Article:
I’ll be the fist to admit that driving has never been my strongest skill. I got a couple of lessons in driving stick shift back in the states, but to even say I am a novice at it would be a stretch. So you can imagine my unwillingness to get behind the wheel of our rental car here in South Africa, with the steering wheel on the right side of the car, driving on the left side of the road.
Adding to my reluctance are all of the crazy scenarios that I have witnessed on the roads here. To name a few:
- People attempting to cross a 6 lane highway, Frogger-style, in the dark.
- Cars blatantly running red lights, or starting to drive well before the light turns green. That’s if the lights are even working, which they often aren’t.
- Hawkers, beggars, and pedestrians in the middle of lanes whenever and wherever they like. In the countryside, it’s more likely to be cows blocking the road.
- Cars overtaking 18-wheelers into oncoming traffic, on a hill.
- The aftermath of horrific accident involving a truck that had flipped down the side of a cliff.
- Mini-vans (called ‘taxis’) packed with way too many people driving ruthlessly and with a general disregard for road rules.
In Joburg’s defense, the roads here are fairly well maintained and very well marked. Once you get out of the city and off the highway, however, roads become increasingly pockmarked with potholes, and there are parts of the country you can’t even get to without a 4×4.
Another factor adding to my disinclination to drive here is law enforcement itself. After picking up our rental car, Spencer was driving us toward the exit of the airport garage when a police officer on foot waved us down.
“You have pulled through the stop-sign without stopping,” he said. “The fine for that is 500 rand (about $30). I will write you a ticket and you must go to the fines office today to pay. The office closes at 3:00pm.”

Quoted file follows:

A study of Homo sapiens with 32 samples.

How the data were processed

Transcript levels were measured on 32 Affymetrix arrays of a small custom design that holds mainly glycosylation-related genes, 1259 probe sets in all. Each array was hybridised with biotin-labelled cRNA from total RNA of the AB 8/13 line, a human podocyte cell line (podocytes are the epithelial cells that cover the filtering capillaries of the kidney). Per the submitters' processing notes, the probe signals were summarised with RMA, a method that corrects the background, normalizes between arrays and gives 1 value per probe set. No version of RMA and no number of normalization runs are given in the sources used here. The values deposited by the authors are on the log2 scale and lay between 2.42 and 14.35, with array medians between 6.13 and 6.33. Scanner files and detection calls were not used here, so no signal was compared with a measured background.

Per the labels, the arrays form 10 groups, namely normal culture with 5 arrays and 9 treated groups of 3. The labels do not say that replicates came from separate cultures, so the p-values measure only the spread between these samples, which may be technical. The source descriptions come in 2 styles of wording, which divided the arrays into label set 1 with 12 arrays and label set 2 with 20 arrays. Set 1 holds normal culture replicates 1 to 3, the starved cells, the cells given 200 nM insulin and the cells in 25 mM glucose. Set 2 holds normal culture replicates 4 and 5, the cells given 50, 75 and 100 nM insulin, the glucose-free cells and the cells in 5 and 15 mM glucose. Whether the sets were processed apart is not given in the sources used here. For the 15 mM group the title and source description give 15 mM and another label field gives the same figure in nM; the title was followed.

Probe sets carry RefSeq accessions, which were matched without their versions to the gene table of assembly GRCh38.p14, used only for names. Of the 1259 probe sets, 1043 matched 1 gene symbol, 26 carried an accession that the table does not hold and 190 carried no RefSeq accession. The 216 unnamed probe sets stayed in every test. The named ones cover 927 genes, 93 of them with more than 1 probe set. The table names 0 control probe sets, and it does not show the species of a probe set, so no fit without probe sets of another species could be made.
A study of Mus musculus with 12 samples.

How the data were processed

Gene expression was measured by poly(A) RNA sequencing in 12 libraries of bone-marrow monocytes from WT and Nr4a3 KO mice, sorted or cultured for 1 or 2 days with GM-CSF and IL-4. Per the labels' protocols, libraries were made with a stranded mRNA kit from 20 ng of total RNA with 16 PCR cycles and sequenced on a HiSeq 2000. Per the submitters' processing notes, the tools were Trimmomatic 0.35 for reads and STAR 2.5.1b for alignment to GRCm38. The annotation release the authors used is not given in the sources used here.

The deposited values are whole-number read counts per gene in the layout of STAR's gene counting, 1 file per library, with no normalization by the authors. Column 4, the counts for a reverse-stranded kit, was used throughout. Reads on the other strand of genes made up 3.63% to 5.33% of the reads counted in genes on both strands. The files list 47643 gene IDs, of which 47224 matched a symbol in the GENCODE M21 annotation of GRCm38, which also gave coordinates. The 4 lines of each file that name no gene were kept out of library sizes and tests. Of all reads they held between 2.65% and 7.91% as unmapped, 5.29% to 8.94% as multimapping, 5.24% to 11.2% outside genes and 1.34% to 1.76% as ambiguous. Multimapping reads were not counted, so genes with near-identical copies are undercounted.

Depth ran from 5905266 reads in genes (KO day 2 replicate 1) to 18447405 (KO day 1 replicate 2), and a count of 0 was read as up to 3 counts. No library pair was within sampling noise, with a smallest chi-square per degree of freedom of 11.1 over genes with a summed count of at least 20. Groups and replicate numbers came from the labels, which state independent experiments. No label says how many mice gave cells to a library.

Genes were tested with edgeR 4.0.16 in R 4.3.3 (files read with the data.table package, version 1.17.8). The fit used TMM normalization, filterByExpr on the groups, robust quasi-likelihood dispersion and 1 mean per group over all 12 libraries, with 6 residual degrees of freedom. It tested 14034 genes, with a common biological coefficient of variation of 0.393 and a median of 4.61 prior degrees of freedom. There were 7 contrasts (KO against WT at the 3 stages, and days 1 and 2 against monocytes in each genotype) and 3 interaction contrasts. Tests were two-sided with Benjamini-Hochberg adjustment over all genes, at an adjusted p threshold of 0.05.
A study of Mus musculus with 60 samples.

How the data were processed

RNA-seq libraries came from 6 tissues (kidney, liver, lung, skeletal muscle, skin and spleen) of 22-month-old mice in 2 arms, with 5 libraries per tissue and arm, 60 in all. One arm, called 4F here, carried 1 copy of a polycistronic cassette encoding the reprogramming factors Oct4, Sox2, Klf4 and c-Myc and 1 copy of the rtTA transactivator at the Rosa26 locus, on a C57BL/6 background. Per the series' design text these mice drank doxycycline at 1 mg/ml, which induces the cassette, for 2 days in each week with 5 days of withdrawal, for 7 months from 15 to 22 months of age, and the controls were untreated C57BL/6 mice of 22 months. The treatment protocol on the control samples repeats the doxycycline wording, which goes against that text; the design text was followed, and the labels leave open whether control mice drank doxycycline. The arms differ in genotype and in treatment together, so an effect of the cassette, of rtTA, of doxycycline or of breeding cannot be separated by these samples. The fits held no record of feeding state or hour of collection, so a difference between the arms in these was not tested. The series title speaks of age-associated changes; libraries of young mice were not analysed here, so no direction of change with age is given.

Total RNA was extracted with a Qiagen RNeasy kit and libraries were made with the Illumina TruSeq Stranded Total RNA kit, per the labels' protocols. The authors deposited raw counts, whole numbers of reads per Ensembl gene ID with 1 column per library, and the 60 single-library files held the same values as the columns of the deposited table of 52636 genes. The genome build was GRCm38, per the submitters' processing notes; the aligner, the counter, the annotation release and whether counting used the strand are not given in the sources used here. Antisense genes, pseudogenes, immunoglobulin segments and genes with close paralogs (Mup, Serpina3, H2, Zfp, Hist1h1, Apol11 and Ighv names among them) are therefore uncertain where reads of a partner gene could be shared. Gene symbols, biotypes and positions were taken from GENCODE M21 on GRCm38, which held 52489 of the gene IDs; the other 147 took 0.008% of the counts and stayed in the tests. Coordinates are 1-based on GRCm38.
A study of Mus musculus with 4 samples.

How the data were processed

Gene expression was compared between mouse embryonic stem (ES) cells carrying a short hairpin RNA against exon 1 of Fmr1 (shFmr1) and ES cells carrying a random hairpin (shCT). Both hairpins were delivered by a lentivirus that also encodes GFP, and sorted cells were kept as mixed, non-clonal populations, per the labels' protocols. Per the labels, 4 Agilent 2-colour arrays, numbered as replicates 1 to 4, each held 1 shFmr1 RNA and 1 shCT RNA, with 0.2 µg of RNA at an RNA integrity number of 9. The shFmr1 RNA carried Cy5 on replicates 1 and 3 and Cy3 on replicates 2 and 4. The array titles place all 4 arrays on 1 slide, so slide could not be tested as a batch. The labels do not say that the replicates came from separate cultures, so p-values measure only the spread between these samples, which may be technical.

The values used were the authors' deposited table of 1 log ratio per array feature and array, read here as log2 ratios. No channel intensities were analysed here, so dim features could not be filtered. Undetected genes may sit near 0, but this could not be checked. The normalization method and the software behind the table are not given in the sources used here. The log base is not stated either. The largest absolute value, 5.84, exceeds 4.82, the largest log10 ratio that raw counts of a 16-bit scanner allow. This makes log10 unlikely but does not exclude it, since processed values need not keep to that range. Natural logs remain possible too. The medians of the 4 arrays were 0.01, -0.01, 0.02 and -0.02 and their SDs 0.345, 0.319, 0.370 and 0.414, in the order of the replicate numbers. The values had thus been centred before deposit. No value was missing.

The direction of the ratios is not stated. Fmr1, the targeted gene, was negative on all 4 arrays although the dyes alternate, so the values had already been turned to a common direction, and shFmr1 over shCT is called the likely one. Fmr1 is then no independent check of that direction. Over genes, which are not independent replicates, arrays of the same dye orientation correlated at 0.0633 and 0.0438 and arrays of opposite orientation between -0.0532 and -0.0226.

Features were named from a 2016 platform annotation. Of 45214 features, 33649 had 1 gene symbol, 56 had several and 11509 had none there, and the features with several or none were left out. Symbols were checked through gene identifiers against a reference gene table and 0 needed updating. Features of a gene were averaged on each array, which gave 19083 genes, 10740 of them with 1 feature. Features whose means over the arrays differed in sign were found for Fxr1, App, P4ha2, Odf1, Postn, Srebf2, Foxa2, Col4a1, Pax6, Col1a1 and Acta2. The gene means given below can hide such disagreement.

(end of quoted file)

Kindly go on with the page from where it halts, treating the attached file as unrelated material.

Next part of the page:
“Sir,” Spencer responded, “we are leaving town just now, does it need to be paid today?”
“Ah, you are tourists. You just landed, eh? OK, do you want the fine for 800 rand? I see you are tired, so instead you can just pay me now. Only 50 rand.”
We looked at him in confusion. “What do you want to pay?” he asked.
At this point it dawned on me that he was hoping we would line his pockets rather than take a ticket, but we weren’t going to play. “We will just take the ticket,” I responded.
He seemed disappointed to realize we weren’t falling for his trap. “OK, I will let you go with just a warning this time.”
Unfortunately, this kind of corruption is all too common in South Africa. Twice more on our 4-day trip we were pulled over at traffic stops, but thus far have gotten away without paying any bribes.
Despite my reluctance, I did give driving a try on our latest road-trip. It was only highway driving, and Spencer talked me through it. I didn’t cause any accidents, and no one’s lives were ever really in danger. But it wasn’t pretty.
So, to make my life a little easier (and to save our marriage), we are now in the market for an automatic car. Most cars here are manual, making it a tough search so far. Eventually, I will get enough practice and feel good driving around the city all by myself. In the meantime, we have returned the rental and are making use of Uber and doing lots of walking. Probably a better way to discover the city anyway, right?